January saw 27 hackers descend on the French Riviera for a special 45
hour Music Hack Day. I brought a Stylophone along, and intended to use
it to make a game. If you don’t know what a Stylophone is, it’s a retro
toy that makes horrible noises:


So, I did some research, and figured I could detect pitch with the Web
Audio API. I hooked up a low pass filter, and an FFT, and stuff, and
tried to get a number for each key. I knew it was possible, because I’d
seen Craig Spence’s guitar tuner.
Annoyingly, the tone wasn’t as clean as I was hoping, and there was a
bit of overlap in the notes it detected from the low end to the high
end. I decided to just use the lower notes.

Then, I took a open-source helicopter game (you know, the kind where
you’re flying through a tunnel) and stripped out the existing controls.
I put in my pitch detection code, so that the first 5 notes of the
stylophone mapped to different heights.

Here’s a video of it kind-of working:

What worked:

It did detect pitch pretty well for the bottom half of the notes - so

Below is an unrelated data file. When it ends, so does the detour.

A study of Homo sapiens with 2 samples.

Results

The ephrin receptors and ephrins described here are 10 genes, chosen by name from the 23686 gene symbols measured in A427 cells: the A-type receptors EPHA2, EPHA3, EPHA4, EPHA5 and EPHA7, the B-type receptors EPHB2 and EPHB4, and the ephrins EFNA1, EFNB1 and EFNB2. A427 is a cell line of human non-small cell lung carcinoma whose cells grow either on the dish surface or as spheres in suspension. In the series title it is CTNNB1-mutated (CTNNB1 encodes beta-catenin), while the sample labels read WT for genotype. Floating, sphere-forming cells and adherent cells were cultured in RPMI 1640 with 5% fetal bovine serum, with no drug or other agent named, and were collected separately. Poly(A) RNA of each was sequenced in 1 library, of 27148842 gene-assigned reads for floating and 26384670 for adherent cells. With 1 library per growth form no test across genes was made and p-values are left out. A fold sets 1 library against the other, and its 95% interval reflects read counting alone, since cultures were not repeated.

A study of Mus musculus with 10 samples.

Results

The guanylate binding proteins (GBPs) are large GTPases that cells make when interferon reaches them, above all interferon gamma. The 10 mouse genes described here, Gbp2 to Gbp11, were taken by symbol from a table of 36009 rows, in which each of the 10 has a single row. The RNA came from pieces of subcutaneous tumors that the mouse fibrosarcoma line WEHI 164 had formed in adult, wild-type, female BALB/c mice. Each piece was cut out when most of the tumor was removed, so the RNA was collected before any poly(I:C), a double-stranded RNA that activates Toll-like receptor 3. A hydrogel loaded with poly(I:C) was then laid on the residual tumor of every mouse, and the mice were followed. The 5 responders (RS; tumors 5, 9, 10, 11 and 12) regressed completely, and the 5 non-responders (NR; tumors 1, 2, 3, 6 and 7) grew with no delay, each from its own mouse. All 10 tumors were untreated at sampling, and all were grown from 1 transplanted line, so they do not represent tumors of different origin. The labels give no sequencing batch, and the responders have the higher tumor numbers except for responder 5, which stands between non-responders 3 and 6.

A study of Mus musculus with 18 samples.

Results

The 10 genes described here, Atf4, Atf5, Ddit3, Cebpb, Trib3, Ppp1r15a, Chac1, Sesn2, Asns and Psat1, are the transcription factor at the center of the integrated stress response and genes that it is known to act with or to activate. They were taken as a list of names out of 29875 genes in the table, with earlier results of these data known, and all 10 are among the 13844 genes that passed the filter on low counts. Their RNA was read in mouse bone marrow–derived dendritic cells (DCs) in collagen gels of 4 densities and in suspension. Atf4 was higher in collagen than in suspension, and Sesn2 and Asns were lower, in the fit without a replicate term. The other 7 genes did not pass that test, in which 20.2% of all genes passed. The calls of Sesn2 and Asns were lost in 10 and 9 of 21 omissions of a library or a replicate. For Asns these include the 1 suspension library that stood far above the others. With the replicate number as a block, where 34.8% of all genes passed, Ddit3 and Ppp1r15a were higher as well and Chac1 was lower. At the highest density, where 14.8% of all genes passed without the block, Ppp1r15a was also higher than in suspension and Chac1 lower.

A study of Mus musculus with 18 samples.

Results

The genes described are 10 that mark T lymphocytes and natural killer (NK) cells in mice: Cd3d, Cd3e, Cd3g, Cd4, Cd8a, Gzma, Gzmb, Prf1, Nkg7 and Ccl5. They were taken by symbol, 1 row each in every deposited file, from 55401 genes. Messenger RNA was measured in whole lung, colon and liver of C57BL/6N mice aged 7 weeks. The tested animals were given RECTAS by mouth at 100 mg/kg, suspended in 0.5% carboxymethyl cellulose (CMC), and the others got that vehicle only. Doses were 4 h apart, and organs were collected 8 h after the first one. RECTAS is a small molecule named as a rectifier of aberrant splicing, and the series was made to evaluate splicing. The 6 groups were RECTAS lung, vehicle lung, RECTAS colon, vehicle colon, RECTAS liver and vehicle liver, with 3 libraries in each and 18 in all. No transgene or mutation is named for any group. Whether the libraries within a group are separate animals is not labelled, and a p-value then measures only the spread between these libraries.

long as it was a direct audio feed.

Using existing helicopter game code saved a lot of time, as the actual
game elements weren’t the point in this experiment.

What didn’t work:

The Stylophone is just a toy, and isn’t precise at all. I’m also pretty
sure the pitch changes with the battery level.

It seemed to work better with the audio plugged in. When I used the
speaker, it didn’t work nearly as well. Especially in a noisy room.

Stylophone needs to be tuned to a particular pitch (not ideal if you
expect other people to use it)


Was a lot of fun. Had a lot of the weekend spare, so moved onto
something else.

Give it a go, if you have a Stylophone to hand.